San Francisco: The Indian government was second to the US once again in requesting Facebook for access to users data in the last six months of 2019 — an increase of nearly 37 per cent from the first half (January-June period) last year, Facebook announced on Tuesday.
The Indian government sent Facebook 26,698 queries about users’ data – up 4,014 from 22,684 requests in the first half of 2019 period – and the social networking giant provided data in 57 per cent of the requests, according to Facebook’s latest biannual Transparency Report.
Out of the total requests, 24,944 were legal and 1,754 were emergency requests from India.
There was an increase in Indian government’s request to preserve account information too, pending receipt of formal legal process.
In July-December 2019 period, India asked for 2,500 accounts to be preserved, from 2,200 account requests in Jan-June period.
“When we receive a preservation request, we will preserve a temporary snapshot of the relevant account information but will not disclose any of the preserved records unless and until we receive formal and valid legal process,” informed Facebook.
Globally, during the last six months of 2019, government requests for user data increased by 9.5 per cent from 128,617 to 140,875. Of the total volume, the US continues to submit the largest number of requests, followed by India, the UK, Germany and France.
“In the US, we received 51,121 requests, an increase of 1 per cent compared to the first half of 2019. Of all US requests, 67 per cent included a non-disclosure order prohibiting Facebook from notifying the user,” said Chris Sonderby, VP and Deputy General Counsel at Facebook.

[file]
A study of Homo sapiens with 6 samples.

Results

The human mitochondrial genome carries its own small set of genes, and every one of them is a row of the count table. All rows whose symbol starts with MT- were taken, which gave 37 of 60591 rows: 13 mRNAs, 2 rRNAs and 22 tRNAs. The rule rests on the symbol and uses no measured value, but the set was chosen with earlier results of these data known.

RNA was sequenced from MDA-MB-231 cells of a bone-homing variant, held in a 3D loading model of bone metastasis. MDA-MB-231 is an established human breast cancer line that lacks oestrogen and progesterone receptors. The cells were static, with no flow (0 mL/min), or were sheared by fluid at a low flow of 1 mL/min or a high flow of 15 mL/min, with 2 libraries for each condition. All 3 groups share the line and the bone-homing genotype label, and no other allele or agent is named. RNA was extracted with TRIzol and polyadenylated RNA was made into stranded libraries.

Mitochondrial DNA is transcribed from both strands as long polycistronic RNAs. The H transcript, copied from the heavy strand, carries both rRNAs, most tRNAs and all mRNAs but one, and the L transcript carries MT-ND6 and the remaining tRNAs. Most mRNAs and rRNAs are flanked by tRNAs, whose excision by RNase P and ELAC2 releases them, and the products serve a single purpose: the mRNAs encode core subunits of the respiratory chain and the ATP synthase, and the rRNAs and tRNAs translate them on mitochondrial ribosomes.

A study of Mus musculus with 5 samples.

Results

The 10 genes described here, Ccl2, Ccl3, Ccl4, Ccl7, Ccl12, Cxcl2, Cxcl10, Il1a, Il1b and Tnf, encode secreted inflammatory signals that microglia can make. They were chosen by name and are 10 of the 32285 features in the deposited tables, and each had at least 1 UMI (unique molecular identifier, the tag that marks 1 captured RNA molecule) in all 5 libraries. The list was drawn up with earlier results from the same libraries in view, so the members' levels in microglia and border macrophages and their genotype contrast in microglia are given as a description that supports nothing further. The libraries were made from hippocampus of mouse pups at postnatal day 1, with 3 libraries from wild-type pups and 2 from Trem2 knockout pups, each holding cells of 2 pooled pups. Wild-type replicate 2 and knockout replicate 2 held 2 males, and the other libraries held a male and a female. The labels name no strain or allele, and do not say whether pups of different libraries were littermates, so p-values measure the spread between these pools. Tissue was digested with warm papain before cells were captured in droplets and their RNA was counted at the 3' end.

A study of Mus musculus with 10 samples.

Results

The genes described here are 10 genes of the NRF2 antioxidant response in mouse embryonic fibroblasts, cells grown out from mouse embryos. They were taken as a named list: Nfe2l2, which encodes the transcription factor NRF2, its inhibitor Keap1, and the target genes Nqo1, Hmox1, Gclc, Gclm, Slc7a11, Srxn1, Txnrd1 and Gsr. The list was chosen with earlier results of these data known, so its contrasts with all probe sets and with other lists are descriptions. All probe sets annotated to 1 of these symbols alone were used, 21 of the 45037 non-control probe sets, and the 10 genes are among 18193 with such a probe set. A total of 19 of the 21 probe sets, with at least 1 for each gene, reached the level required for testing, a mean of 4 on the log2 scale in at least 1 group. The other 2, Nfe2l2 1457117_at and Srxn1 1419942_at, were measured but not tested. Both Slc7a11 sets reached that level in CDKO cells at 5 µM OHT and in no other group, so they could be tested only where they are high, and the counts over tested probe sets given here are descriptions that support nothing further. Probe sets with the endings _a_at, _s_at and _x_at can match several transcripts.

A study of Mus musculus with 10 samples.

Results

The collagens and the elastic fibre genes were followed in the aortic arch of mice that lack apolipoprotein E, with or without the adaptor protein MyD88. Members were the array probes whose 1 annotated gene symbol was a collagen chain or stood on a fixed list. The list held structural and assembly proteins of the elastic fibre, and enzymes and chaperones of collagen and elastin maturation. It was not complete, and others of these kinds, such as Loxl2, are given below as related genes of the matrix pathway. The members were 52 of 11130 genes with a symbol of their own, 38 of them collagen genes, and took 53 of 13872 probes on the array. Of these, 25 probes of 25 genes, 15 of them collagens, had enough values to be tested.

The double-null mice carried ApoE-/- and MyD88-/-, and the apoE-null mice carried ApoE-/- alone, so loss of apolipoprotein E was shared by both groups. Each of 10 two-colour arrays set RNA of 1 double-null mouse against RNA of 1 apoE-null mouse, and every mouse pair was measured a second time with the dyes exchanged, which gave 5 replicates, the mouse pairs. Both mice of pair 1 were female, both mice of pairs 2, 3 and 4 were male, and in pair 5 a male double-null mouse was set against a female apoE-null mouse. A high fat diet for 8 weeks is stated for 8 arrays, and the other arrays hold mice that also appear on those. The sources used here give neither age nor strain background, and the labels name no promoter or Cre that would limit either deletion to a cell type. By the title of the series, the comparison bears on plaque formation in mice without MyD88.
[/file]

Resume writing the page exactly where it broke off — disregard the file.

Facebook said that it scrutinizes every government request it receives to make sure it is legally valid, no matter which government makes the request.
“If a request appears deficient or overly broad, we push back, and will fight in court, if necessary. We do not provide governments with ‘back doors’ to people’s information,” said the company.
During this reporting period, the volume of content restrictions based on local law decreased globally by 11 per cent from 17,807 to 15,826.
Of the total, Russia, Pakistan and Mexico accounted for almost half of global content restrictions.
“During this reporting period, we identified 45 disruptions of Facebook services in 6 countries, compared to 67 disruptions in 15 countries in the first half of 2019,” said Sonderby.
Facebook said that it took down 3,139,315 pieces of content based on 576,423 copyright reports, 284,090 pieces of content based on 137,123 trademark reports, and 1,141,103 pieces of content based on 77,866 counterfeit reports during the reporting period.